Climate change threatens all forms of life on our planet. The urgency of the need to address this crisis is illustrated by the Climate Clock, a graphic that displays the dwindling amount of time we have left to combat climate change. Rising temperatures, increasingly frequent and intense extreme weather events, and the loss of precious biodiversity are just some of the alarming consequences that it highlights. The first two of these are increasingly reflected in the changing weather Hong Kong has been experiencing. It’s getting hotter by the year, while extreme conditions such as flooding are becoming progressively more common. The latter was brought home starkly to all of us on 7 September this year, when the rainbands of Typhoon Haikui caused 158.1mm of rain to fall in the hour between 11pm and midnight, with more than 200mm of rain in total in many areas. It was the heaviest rainfall in the city since records began in 1884, causing unprecedented flooding in urban areas – we all saw the incredible pictures of water inundating the city, from urban streets to shopping malls to Hong Kong’s metro stations. The bad news is that it’s going to get worse: by the 2040s, the highest hourly rainfall is projected to reach 230mm, an increase of more than 40% on 7 September’s extraordinary events.

A team from CUHK’s Institute of Space and Earth Information Science is helping authorities mitigate the flooding’s worst effects. During Typhoon Haikui, it used satellite technology to monitor and analyse the floods. To do so, it deployed China’s Gaofen-3 satellite, which is equipped with Synthetic Aperture Radar (SAR) technology. That means that unlike traditional optical satellites, it can penetrate clouds and rain, effectively monitoring floods from space, even during extremely bad weather. The team also used the satellite’s images to measure the wind field of the typhoon, including the location of its eye, its direction and its intensity.

Optical image of Hong Kong (true colour synthesis)

“These findings allowed the authorities to check the flooded areas and further evaluate the impact of flooding on residents and infrastructure,” says Institute Director Professor Kwan Mei-Po, who led the team alongside Professor Ma Peifeng.

The Institute has been engaged in research on disaster monitoring and forecasting based on remote sensing images for years. The technology is useful in assessing the impact of all sorts of adverse events.

“In addition to floods, disasters like landslides and ground subsidence can also be measured and monitored by SAR technology,” says Professor Kwan. “Our team has used multi-temporal interferometric SAR (MT-InSAR) techniques to monitor disasters such as ground subsidence in cities and landslides in mountainous areas. For example, we used it to measure and monitor the landslides in Daguan County, Zhaotong City, Yunnan Province from February 2017 to March 2019.”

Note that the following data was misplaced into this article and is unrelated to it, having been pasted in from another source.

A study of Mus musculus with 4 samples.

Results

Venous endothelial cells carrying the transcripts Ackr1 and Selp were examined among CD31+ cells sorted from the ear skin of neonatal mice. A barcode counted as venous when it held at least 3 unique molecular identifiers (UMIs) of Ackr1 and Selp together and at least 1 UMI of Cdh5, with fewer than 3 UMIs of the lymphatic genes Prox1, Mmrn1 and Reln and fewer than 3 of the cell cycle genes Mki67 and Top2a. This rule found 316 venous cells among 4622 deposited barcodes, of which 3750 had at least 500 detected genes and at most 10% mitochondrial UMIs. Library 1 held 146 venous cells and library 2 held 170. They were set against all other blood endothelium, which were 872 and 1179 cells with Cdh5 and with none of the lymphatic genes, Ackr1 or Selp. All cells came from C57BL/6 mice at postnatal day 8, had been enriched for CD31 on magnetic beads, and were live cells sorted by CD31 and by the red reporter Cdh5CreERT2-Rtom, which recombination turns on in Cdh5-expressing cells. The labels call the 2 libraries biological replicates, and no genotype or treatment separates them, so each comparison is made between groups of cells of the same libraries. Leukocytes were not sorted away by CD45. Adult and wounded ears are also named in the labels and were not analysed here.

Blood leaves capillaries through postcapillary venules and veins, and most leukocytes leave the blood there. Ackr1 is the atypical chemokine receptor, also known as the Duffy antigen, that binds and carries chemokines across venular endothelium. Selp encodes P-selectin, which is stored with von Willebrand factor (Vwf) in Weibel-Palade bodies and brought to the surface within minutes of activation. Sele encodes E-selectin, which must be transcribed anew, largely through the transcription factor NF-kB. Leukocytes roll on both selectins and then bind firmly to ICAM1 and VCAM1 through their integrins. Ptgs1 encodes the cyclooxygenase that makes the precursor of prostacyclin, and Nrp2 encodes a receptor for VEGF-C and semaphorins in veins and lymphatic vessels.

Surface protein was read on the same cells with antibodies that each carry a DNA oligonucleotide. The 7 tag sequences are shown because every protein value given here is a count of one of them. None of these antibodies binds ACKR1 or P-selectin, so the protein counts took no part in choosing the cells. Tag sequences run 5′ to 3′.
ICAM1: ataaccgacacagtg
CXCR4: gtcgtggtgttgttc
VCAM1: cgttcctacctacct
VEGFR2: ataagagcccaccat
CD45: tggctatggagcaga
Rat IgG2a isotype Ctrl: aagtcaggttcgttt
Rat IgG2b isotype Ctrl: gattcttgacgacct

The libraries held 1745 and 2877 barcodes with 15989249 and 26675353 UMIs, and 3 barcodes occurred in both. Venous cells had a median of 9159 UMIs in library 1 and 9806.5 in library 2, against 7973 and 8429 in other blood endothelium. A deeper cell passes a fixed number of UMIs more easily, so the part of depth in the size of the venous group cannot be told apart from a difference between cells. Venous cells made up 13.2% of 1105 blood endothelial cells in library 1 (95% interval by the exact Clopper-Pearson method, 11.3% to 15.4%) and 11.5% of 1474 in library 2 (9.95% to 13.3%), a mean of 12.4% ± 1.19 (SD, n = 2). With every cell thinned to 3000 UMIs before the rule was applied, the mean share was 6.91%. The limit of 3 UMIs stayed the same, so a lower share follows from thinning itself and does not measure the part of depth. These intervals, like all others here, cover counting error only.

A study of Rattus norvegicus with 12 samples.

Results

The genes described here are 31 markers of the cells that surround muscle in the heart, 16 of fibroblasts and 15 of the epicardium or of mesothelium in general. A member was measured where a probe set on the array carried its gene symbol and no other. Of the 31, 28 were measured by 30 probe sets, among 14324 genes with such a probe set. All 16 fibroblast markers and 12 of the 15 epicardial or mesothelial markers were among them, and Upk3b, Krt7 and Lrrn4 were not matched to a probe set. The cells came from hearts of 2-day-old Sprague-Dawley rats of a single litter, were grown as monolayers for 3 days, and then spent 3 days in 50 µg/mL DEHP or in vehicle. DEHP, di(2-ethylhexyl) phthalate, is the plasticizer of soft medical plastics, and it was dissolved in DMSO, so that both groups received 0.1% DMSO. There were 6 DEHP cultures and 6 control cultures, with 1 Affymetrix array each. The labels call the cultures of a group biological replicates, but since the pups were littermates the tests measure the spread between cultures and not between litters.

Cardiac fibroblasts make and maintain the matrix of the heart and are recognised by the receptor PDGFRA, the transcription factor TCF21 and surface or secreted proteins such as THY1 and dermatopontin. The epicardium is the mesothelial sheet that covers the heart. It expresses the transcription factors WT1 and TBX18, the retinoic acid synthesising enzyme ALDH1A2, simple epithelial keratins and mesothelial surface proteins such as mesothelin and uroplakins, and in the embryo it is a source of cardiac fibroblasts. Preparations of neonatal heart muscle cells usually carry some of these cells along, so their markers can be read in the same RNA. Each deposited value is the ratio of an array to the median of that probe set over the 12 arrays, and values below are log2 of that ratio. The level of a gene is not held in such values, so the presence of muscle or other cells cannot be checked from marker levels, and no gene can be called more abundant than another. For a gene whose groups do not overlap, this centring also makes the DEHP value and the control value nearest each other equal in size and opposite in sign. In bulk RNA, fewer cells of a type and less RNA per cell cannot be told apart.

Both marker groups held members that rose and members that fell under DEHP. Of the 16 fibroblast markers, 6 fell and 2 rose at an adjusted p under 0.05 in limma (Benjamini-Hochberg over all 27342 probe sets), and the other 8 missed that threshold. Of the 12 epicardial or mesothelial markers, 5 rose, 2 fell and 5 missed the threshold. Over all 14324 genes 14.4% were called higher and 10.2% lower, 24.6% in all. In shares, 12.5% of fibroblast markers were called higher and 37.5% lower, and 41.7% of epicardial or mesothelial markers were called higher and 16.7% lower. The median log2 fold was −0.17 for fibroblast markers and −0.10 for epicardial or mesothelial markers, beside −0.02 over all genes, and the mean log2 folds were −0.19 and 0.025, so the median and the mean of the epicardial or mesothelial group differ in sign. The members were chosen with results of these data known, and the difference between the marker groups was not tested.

A team from CUHK’s Institute of Space and Earth Information Science is helping authorities mitigate the flooding’s worst effects.
Professor Kwan Mei-Po (Top row, fourth from right)

Lethal temperatures set to intensify

According to another study, which involved CUHK and other universities, it’s not only flooding that’s set to affect Hong Kong more and more in the future; extreme heat is set to become more common in the city – both the extremes that temperatures reach and also the length of time that extremely hot weather lasts.

Numbers from the Hong Kong Observatory indicate that there were an average of 34 very hot days and 36 hot nights a year between 2012 and 2021, defined as the temperature not falling below 33 and 28 degrees respectively. Thanks to a combination of climate change and increased urbanisation, the number of hot nights is expected to increase by 50% in the 2040s – and if greenhouse gas emissions don’t change, those numbers will soar to about 126 and 136 by late this century.

The picture shows the nighttime heat risk map in 2016 and the locations of the night heat shelters.

There are government-run temporary night heat shelters that open at night when it’s extremely hot. However, their locations are not widely known and not particularly convenient for a lot of people, particularly those of advanced years of with mobility issues; and they’re not very appealing places to go. That means there’s an urgent need for more of them, along with improvements that will drive uptake.

“We recommend that the government expands the network of cooling spots to areas with the highest heat risks as a top priority,” says Edward Ng, Yao Ling-Sun Professor of Architecture, the principal coordinator of the research. “It is important to ensure that temporary heat shelters are situated in easily accessible locations, including ones that can be reached by senior citizens with limited mobility. Moreover, there should be efforts to enhance the environment, facilities and management of these heat shelters to make them inviting for people to rest and seek respite whenever necessary.”

Professor Edward Ng

The design of parks and other public spaces needs to be improved so they provide more cool spots, he adds – in particular, shaded areas and features such as fountains, wet play areas and misting sprays that help to reduce the temperature. Meanwhile, we all have a role to play in trying to prevent the worst-case scenario from happening.

“Individuals should also be prepared for extreme weather conditions by enhancing disaster preparedness and ensuring they have readily available emergency survival kits. Reducing carbon emissions is an urgent necessity that requires collective action from both individuals and businesses.”